Regardless, you are legally required by the European GDPR and the Californian CCPA to have one available to your users on your website.
Cookies are a potential privacy risk, because they are able to track, store and share user behavior.
The EU law on personal data, the General Data Protection Regulation (GDPR), gives website visitors the right to receive specific, up-to date information on what data is registered about them at all times, for what purpose, and where in the world it is sent (along with the possibility to prevent it from happening).
Learn more about the GDPR
Learn more about the ePrivacy Directive (EU cookie law or cookie directive)
Test to see if your website is GDPR compliant with a free compliance test.
The California Consumer Privacy Law (CCPA) empowers California residents with rights to know what of their personal information companies and websites collect and sell, plus the rights to have it deleted and to opt out of having their data sold to third parties.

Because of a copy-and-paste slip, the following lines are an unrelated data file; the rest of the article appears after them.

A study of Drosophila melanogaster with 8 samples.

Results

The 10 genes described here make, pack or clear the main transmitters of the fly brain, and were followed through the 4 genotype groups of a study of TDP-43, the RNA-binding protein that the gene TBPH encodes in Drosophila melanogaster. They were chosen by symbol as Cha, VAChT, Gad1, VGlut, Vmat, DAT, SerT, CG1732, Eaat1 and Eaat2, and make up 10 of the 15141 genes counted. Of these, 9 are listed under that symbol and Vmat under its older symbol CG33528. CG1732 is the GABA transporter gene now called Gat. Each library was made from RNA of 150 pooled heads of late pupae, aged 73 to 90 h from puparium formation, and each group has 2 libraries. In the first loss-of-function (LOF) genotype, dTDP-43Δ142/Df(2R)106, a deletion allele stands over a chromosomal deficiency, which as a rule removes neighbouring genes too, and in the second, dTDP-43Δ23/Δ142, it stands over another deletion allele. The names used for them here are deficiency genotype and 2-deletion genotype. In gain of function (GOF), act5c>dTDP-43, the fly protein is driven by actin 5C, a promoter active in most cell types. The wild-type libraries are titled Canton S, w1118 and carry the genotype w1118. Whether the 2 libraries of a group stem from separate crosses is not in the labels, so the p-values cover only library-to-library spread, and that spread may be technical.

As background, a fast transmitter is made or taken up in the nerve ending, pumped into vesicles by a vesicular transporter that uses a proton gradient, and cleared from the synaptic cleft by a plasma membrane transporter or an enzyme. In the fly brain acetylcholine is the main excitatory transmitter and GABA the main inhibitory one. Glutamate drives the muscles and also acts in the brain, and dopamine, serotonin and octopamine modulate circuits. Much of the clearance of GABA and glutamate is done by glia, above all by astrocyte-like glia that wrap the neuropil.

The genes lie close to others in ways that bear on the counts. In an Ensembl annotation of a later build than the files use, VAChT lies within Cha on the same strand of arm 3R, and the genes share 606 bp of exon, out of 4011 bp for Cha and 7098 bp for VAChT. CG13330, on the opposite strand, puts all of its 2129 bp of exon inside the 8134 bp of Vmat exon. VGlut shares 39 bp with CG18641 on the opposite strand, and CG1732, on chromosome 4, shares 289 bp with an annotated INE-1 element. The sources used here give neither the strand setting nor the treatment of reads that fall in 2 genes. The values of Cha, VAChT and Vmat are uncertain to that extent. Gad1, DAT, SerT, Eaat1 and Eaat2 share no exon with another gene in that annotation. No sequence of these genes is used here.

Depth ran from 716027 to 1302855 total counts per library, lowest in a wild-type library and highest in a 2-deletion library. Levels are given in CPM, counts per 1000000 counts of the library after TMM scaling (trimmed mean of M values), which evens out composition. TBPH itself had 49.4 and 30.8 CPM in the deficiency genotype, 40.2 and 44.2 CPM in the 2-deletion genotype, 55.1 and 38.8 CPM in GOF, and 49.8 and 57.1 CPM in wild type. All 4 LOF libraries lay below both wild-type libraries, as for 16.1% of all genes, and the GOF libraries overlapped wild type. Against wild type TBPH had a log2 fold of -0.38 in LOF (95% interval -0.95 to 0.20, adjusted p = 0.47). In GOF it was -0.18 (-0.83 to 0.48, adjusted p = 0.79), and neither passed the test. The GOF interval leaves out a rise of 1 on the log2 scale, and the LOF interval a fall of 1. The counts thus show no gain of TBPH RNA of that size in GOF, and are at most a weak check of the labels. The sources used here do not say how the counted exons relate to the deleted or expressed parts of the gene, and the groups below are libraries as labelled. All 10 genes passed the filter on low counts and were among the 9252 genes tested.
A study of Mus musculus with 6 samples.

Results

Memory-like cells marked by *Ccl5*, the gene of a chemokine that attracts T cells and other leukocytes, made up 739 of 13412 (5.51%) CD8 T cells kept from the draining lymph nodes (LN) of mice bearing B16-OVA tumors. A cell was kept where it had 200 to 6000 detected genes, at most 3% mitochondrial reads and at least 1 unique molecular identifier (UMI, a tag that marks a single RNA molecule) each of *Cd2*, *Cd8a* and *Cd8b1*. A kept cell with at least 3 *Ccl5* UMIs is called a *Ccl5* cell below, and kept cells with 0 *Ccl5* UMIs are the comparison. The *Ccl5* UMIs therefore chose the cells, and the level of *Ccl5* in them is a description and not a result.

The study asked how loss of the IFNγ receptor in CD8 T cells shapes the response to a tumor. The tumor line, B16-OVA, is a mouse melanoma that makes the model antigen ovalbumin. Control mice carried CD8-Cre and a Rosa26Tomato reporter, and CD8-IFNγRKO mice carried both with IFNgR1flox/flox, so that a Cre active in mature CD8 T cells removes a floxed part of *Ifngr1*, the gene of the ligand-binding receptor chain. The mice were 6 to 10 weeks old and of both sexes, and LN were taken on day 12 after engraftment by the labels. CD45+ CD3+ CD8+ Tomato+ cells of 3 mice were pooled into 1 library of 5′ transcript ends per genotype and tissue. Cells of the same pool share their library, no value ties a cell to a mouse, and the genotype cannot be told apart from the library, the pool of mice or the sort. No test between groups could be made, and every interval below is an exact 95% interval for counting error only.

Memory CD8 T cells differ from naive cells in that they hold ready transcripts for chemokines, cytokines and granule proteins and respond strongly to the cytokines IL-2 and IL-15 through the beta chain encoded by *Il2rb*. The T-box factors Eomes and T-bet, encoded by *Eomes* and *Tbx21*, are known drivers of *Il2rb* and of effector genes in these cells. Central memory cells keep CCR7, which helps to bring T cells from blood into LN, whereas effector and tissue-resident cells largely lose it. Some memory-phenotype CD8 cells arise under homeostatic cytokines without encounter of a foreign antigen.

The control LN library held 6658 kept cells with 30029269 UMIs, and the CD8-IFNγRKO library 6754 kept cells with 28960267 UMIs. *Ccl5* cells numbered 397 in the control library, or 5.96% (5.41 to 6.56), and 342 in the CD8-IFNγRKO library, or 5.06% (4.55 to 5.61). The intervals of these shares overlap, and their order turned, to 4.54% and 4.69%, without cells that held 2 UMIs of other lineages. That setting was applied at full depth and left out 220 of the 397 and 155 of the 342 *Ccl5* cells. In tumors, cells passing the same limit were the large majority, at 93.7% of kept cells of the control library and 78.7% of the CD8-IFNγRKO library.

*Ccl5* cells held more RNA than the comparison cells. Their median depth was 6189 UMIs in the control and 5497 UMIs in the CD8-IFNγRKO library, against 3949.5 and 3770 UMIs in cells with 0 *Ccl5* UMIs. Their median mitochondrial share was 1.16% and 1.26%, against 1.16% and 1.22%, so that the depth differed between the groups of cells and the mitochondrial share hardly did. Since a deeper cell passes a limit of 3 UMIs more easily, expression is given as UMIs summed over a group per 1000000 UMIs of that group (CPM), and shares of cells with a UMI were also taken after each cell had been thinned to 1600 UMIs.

The CCPA states that businesses must inform their visitors at or before the point of collection of what categories of personal information they collect and process, including to which third parties they sell/share/disclose this data.
The CCPA empowers California residents with the following:
Right to opt out
Right to be informed
Right to disclosure
Right to deletion
Right to equal services and prices
Last but not least, websites must feature a Do Not Sell My Personal Information link, through which users can opt out of third party data sales.
Learn more about the CCPA
How long they persist on your user’s browser,
What data they track/the categories of personal information collected
For what purpose (functionality, performance, statistics, marketing, etc.),
Where the data is sent and with whom it is shared/which third parties it is shared with,
How to reject cookies, and how to subsequently change the status regarding the cookies.